Four years ago, the American Society of Landscape Architects (ASLA) inaugurated the Diversity Summit, an initiative focused on bringing together Hispanic and African American emerging professionals to establish strategies for addressing diversity in landscape architecture. Landscape Architecture has seen significant attrition of specific minority groups with African Americans and Latinos accounting for less than 10 percent of graduating landscape architects in 2015.  These demographics fail to reflect those of the wider U.S. population which according to U.S. Census data it is projected that minorities will constitute 57 percent by 2060. To remain relevant as a profession and to the country’s increasingly diverse communities, landscape architecture must respond to the need for a more culturally and ethnically diverse profession.

Each panelist will provide their personal perspectives on the topic and address what comes next with diversity and design.  A panelist question and answer session will follow the presentations.


Melissa Henao-Robledo

Melissa Henao-Robledo is the Landscape Forms Business Development Representative for Austin and San Antonio, Texas and she holds a Master of Landscape Architecture from North Carolina State University. She currently serves on the City of Austin Design Commission which provides advisory recommendations to the City Council to assist in developing public policy and to promote excellence in the design and development of the urban environment Melissa practiced landscape architecture for eight years in Austin, Texas before joining Landscape Forms, an industry leader in design and manufacture of site furniture, outdoor LED lighting and custom site elements.  Melissa’s passion for landscape architecture inspired her to teach in the Landscape Design and Horticulture Continuing Education Program at Austin Community College for several years.  


Diana is a practitioner in landscape architecture at Sasaki Associates. Diana’s work ranges from public parks and plazas to institutional landscapes, including recent work at the Port of Los Angeles and Carnegie Mellon University. She is passionate about creative placing making, community engagement, social equity and sustainable urban design. Diana received a bachelor’s degree from Temple University, and served as a guest critic and lecturer for Pennsylvania State University and Temple University. Diana's work received numerous ASLA awards, including a national award of excellence in communications, and an honor award in analysis and planning.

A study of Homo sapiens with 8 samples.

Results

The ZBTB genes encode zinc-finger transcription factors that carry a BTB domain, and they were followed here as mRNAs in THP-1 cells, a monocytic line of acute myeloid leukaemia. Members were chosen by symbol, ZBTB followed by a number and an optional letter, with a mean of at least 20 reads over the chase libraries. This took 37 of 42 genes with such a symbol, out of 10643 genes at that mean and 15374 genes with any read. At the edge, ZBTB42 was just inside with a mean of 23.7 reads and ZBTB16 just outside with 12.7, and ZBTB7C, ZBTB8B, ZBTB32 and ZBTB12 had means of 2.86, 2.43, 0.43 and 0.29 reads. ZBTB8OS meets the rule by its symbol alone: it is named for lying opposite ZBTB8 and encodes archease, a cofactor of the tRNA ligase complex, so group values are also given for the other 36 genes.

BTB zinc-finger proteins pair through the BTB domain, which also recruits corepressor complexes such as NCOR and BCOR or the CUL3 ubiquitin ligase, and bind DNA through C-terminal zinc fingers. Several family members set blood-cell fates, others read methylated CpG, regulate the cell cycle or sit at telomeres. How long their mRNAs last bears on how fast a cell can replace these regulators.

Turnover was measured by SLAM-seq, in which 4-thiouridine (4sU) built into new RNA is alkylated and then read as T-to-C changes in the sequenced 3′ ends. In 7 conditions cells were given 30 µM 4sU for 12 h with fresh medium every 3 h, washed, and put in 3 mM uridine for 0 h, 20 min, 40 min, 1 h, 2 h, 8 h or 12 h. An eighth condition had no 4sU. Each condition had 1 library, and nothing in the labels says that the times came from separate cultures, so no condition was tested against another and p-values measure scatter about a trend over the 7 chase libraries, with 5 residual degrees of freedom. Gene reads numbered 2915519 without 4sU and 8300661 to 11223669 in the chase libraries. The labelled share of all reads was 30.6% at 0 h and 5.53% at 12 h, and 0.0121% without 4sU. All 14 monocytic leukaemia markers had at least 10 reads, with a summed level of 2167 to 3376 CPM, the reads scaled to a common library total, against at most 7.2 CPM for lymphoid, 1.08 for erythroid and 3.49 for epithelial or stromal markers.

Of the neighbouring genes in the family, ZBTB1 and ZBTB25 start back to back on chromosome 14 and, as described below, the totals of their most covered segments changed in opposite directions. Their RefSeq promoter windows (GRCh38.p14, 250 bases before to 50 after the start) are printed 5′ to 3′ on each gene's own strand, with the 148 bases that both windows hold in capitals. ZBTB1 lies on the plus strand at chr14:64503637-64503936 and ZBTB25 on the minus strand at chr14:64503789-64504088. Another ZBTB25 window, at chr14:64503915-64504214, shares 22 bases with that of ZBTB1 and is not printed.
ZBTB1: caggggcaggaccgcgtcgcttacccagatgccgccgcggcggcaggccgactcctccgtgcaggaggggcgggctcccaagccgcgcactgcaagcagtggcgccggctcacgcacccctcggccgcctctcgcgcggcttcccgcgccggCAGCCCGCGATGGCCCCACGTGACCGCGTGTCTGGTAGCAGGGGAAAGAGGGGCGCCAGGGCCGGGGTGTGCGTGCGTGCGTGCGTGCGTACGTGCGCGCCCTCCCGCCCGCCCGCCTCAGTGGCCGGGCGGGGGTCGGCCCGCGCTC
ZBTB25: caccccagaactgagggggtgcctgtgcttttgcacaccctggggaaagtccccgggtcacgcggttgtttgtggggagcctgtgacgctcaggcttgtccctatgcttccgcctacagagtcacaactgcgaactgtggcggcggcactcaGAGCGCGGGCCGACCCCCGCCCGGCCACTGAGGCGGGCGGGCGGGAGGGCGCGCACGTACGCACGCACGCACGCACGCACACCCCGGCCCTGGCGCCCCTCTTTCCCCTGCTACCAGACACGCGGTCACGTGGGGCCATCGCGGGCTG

As Founding Principal of Asakura Robinson Company, Keiji Asakura holds over 37 years’ experience in urban design, landscape architecture, and community planning throughout the US and internationally. In his highly regarded practice, he has master planned and designed beautiful and functional spaces in a variety of settings, from park and recreation destinations to streetscapes, educational facilities, and affordable housing. Keiji provides a holistic and context-sensitive approach that considers both the aesthetics and function of a plan or design, which allows for opportunities of enhanced mobility, connectivity, community health, and social interaction, while respecting the historic and cultural heritage of a site. Keiji is a member of the American Society of Landscape Architects (ASLA) Council of Fellows and is the recipient of numerous high honors including the 2011 ASLA Distinguished Member Award, the 2009 President’s Call for Service Award, and the 2005 City of Houston Mayor’s Proud Partner Award for Distinguished Service.



As a Principal with over 24 years of experience, Kona Gray has been involved in many planning, landscape architectural and urban design projects, ranging from large-scale master planning to detail site design with emphasis on community planning, hospitality, urban waterfronts, parks, healthcare and campus planning since he joined EDSA in 1997. Blending sensitivity and context with a passion for creative design solutions is paramount to his approach. Kona has a keen ability to translate a client’s vision to create places with purpose, priorities and physical presence. He consistently takes into consideration such factors as site heritage, history, community interface, implementation strategies and each properties unique cultural, physical and environmental characteristic.